Ruch's pre-RU experience worth weight in gold

Caleb Ruch's decision to attend Rutgers may have had little to do with early playing time. However, the former Quakertown Community HS standout and current Scarlet Knight now finds himself as a starting member of an offensive line that during the previous pair of seasons has been one of the nation's best.

Caleb Ruch was recruited to Rutgers as a Center. He certainly had the build and strength to play the position, but his versatility has seen him make the move to right guard [RG], a position of need for the Scarlet Knights.

"It's been pretty good so far," stated Ruch roughly midway through summer camp. "We've put in a lot of effort and enthusiasm and I think we're heading in the right direction right now."

Having played on the defensive line and on the outside of the offensive line in high school, Ruch had to undergo an adjustment in '07, a season that saw him retain the backup's center role. This season, he's made the switch to RG and the one facet of his game that seems most stout and may become most beneficial for RU in '08 - pass protection.

With Anthony Davis having served as the starting RG during the 2007 campaign, in addition to pass-protection, one of the chief responsibilities of said lineman as the ability to pull. AD, as he is affectionately known, was devastating as a pulling Guard, creating gaping holes for Ray Rice and leaving would-be blockers flat on the ground, wondering what hit them. With AD making the switch to LT, the pulling responsibilities now fall squarely on the redshirt Frosh. Caleb Ruch.

"As long as I'm on the right track, because sometimes I won't get deep enough on my pull or I'll turn my hips to the wrong area, but when I pull the correct way it's usually with okay results."

There may very well be a decreased emphasis on the aforementioned running scheme given the graduation of Ray Rice and with a now healthy Mike Teel, but Ruch states that he must be ready for any- and everything.

"If they [staff] call the play, I've got to do my best to knock people around, so if they call it [for a RG pull] I have to perform at my best level."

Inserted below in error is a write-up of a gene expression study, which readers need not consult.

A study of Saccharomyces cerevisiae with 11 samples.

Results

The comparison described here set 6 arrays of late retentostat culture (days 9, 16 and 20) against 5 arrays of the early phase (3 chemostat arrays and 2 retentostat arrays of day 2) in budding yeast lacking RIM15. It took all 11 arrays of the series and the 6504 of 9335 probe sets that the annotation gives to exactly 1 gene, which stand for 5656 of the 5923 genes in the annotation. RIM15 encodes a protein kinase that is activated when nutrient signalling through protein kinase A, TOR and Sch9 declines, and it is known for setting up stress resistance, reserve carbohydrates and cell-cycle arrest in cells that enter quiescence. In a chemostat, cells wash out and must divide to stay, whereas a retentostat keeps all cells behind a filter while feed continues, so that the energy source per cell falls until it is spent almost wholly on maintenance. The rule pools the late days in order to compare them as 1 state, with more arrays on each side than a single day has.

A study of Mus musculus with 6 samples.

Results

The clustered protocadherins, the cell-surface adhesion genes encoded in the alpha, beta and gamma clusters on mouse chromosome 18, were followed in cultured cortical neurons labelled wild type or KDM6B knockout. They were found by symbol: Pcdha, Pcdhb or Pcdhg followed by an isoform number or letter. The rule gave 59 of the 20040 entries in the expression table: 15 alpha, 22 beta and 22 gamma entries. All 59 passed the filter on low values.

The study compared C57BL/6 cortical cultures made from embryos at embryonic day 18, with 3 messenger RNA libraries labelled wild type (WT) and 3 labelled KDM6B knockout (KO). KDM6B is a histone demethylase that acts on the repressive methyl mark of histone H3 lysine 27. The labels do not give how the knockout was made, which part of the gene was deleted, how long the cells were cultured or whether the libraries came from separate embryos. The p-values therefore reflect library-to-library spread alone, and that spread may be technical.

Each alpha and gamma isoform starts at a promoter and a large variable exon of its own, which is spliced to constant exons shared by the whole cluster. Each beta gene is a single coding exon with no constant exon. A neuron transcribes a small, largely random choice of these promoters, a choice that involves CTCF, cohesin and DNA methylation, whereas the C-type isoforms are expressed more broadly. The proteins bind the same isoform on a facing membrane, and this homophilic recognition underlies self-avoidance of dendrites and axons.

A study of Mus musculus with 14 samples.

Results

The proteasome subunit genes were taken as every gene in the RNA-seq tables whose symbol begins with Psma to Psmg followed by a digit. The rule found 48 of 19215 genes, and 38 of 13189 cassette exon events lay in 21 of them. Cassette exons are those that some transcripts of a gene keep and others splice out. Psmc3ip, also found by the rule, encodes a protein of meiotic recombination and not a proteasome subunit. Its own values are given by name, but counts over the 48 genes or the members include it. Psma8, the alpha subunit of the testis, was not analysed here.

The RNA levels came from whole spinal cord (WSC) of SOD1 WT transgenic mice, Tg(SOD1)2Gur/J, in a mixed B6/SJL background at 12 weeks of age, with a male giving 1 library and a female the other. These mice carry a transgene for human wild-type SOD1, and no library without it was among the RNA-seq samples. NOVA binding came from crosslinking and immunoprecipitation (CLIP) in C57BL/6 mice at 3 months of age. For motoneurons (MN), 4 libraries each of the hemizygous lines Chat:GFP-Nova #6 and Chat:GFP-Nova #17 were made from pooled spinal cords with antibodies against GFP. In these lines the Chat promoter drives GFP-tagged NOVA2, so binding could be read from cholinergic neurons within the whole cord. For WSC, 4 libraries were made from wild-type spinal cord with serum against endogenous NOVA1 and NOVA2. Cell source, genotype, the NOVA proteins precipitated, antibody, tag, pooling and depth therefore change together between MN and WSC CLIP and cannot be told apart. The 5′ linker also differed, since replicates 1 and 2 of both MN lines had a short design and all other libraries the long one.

Given the high profile situation that Rutgers Football finds itself these days, the art of communication is itself at a premium. Often times, in noisy stadiums, communication between staff and players, and among players themselves, may be relegated to nothing more than a few signals. Ruch, as it turns out, has had plenty of hands-on-training in this arena for some time prior to his arrival at Rutgers. His church missions to less developed countries in Latin America required him to adapt to certain situations where the skill of speaking is rendered useless.

"Going to a foreign country, I didn't understand their language while I was down there, so there are a lot of barriers you have to get past," stated Ruch.

"The language barrier for example, when I'm trying to communicate with people down there, I couldn't just have conversations with them. You'd have to make hand motions and make actions of what we were trying to say to each other without actually talking. So, I think it helped me better understand. If the coach says something, but then shows it to us, I watch that really attentively. When I was down there I was unable to speak the language and you had to watch what they were doing to try to understand how they were communicating. So I think it makes you a better learner."

A better learner and perhaps a better teammate. One well aware of the camaraderie necessary for winning teams to have. This characteristic is likely most significant for the offensive line.

"We're a tight-knit group. During the sumer we'd hang out with each other, we'd go out to eat, and we've been doing a lot of stuff together to help us as a group, to be a tight-knit group, because we have to stick together during a game. If we come apart at all, bad things can happen to the people behind us. We've just been working a lot. We laugh a lot together and do a lot of stuff that builds unity."

Despite the current youth on the 2008 version of the Rutgers Football offensive line, the overall talent level and depth may surpass that of any recent OL unit. Most importantly, however, is the willingness to work together toward a common goal, and likewise, to work for one another.

"I would just like to go out there and play my hardest for the oldest guys, every game, and hope for good results. And that we work hard enough during the week, and during camp, and that we'll be productive as a team during games."